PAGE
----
How small businesses are adapting to inflation

Raise prices and lose customers or cut costs instead, is their dilemma

In Summary

• Cost of living has gone up due to higher taxes, drought, costlier fuel and electricity

• To survive, some small businesses are, for example, using charcoal instead of gas

A customer buys chapati at a food kibanda in Westlands
A customer buys chapati at a food kibanda in Westlands
Image: FILE

The rising cost of living in Kenya is not affecting consumers only; small businesses are also badly hit. The increase in the prices of commodities is reducing the income business owners can take home.

There's another effect, too: shortages of products that are no longer profitable because the ingredients have become too expensive.

Fred Matasi, 27, runs a roadside cafe. Until recently, he used liquid oils for cooking in the cafe, but he’s been forced to switch to solid fat. The price of liquid oil has risen from Sh2,000 for a 20 litre container to Sh4,000 over the past year.

“The problem of cooking with fat is that a layer forms on top of the food when it cools down,” Matasi says. “Customers don’t like seeing layers of fat because they think it is not healthy.” Liquid oil does not present that problem. Besides, solid fat clings to plates and utensils, making them harder to clean.

Meanwhile, the price of cooking fat is also on the rise. A year ago, Matasi could buy a 10kg pack of cooking fat for less than Sh1,000. The price today is Sh2,500 for the same quantity.

The price of LPG (cooking gas) has also risen sharply since July, when the government raised taxes on the product. Before the tax increase, the price of a 6kg cylinder of LPG was Sh800. Matasi is now buying it at Sh1,300.

The prices of sugar, flour, cereals and vegetables have all gone up, raising the costs of the cafe.


Despite the circumstances, small business operators such as Matasi cannot increase their own prices for fear of losing customers. They are cutting costs to survive by, for example, using charcoal instead of gas.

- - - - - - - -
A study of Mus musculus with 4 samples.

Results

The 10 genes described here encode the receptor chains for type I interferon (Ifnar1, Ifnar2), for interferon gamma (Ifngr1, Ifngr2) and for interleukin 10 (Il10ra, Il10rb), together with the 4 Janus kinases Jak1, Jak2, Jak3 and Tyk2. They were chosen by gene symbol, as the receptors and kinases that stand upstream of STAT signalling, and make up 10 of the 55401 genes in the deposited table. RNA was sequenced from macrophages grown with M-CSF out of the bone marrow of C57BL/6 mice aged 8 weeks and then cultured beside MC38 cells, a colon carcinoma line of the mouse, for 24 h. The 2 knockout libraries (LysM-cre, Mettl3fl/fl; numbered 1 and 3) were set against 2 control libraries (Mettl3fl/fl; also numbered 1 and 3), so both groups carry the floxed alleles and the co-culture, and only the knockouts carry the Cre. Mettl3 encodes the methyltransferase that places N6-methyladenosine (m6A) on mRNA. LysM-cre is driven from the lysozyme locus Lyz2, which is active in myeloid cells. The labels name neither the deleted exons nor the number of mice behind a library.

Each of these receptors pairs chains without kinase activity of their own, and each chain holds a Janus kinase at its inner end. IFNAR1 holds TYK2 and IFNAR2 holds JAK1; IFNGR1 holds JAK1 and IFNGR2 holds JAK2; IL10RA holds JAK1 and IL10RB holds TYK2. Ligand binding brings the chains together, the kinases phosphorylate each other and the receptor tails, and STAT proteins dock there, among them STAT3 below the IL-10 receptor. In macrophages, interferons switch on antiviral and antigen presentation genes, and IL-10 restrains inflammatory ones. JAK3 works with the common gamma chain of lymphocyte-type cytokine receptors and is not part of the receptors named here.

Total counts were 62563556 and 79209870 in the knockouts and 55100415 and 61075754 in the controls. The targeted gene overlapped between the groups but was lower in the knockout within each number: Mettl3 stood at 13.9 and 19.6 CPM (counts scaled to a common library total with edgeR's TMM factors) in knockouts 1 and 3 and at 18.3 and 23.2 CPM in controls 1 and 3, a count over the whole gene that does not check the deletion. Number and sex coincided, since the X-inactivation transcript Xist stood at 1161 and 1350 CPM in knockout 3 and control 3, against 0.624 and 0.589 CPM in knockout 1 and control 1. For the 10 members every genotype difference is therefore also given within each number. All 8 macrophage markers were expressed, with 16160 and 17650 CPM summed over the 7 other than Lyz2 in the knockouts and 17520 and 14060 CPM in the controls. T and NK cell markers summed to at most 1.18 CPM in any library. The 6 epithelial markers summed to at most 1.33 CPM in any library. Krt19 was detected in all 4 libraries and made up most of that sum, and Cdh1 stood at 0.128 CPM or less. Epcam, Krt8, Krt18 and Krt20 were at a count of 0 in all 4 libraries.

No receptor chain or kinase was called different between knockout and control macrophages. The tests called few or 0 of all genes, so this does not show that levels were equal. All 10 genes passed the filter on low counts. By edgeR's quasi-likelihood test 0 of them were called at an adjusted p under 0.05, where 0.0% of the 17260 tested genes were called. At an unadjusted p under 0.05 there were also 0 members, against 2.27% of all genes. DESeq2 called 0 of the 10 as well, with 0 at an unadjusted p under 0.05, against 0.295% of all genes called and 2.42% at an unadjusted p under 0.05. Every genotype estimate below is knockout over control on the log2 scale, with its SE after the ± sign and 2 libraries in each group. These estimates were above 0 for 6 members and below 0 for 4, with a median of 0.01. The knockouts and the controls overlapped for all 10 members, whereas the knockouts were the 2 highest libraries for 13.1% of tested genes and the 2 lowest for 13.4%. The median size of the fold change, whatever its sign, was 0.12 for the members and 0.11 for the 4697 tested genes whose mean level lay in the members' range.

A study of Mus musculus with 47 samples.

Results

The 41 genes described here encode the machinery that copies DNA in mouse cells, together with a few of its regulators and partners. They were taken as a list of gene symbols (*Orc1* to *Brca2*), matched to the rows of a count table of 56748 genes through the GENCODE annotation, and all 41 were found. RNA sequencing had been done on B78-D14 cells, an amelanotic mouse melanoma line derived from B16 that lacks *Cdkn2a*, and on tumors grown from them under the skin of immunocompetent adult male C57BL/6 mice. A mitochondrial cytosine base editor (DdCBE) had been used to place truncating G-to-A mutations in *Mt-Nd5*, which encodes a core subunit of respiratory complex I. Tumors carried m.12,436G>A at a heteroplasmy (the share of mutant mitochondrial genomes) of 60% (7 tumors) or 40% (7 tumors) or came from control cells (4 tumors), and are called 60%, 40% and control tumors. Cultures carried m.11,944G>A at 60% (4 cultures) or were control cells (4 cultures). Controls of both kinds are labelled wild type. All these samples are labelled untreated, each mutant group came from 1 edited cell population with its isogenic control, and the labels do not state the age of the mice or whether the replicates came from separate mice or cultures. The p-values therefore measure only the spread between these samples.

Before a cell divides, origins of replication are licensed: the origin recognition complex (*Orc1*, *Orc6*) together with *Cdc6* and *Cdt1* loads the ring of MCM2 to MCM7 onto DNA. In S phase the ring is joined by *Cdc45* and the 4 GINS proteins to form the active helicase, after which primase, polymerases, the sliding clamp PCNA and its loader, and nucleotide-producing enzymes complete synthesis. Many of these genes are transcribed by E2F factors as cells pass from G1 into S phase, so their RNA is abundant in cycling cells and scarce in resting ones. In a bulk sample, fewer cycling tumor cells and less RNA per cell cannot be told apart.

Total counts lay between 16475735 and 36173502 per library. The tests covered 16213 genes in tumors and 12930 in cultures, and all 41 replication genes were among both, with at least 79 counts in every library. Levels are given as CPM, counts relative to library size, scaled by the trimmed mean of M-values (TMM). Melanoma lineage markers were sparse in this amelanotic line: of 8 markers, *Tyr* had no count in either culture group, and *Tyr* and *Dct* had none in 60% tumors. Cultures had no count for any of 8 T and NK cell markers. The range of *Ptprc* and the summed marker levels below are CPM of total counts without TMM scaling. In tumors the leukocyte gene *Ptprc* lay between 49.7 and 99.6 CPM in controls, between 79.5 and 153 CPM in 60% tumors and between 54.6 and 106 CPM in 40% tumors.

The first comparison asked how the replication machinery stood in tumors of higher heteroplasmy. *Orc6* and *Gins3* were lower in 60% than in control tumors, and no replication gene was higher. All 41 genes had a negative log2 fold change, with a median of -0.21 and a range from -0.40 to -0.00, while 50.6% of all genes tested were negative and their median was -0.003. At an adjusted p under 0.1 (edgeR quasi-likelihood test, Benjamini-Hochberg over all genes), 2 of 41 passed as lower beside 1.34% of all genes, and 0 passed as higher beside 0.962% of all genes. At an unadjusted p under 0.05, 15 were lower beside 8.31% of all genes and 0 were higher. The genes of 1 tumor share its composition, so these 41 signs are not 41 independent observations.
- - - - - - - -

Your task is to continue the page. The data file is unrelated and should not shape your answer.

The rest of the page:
The current sharp rise in the cost of living is blamed on higher taxes, drought, fluctuations in the value of the Kenya shilling and an increase in the prices of fuel and electricity. Outside Kenya, the rest of the world is also experiencing a rise in commodity prices, which the World Bank blames on bad weather this year.

Other sources say the movement restrictions imposed to control the spread of Covid-19 between countries made shipping more expensive. The higher shipping costs were passed on to the consumer.

“Unusually high summer temperatures increased the demand for electricity; droughts reduced hydroelectricity supply and affected some agricultural commodities, while floods affected the supply of some metals and coal," the World Bank reports on its website. The institution expects prices to stabilise in 2022 as producers and shipping companies get back to full capacity.

Higher prices are already causing a shortage of some consumer goods. Mama Fidi, a shopkeeper, says she no longer gets doughnuts and the thick buns popularly known as KDF.

“After the price of cooking oil went up, the supplier said it’s no longer profitable to continue baking them. My customers have now switched to buying scones as they are still available,” she says.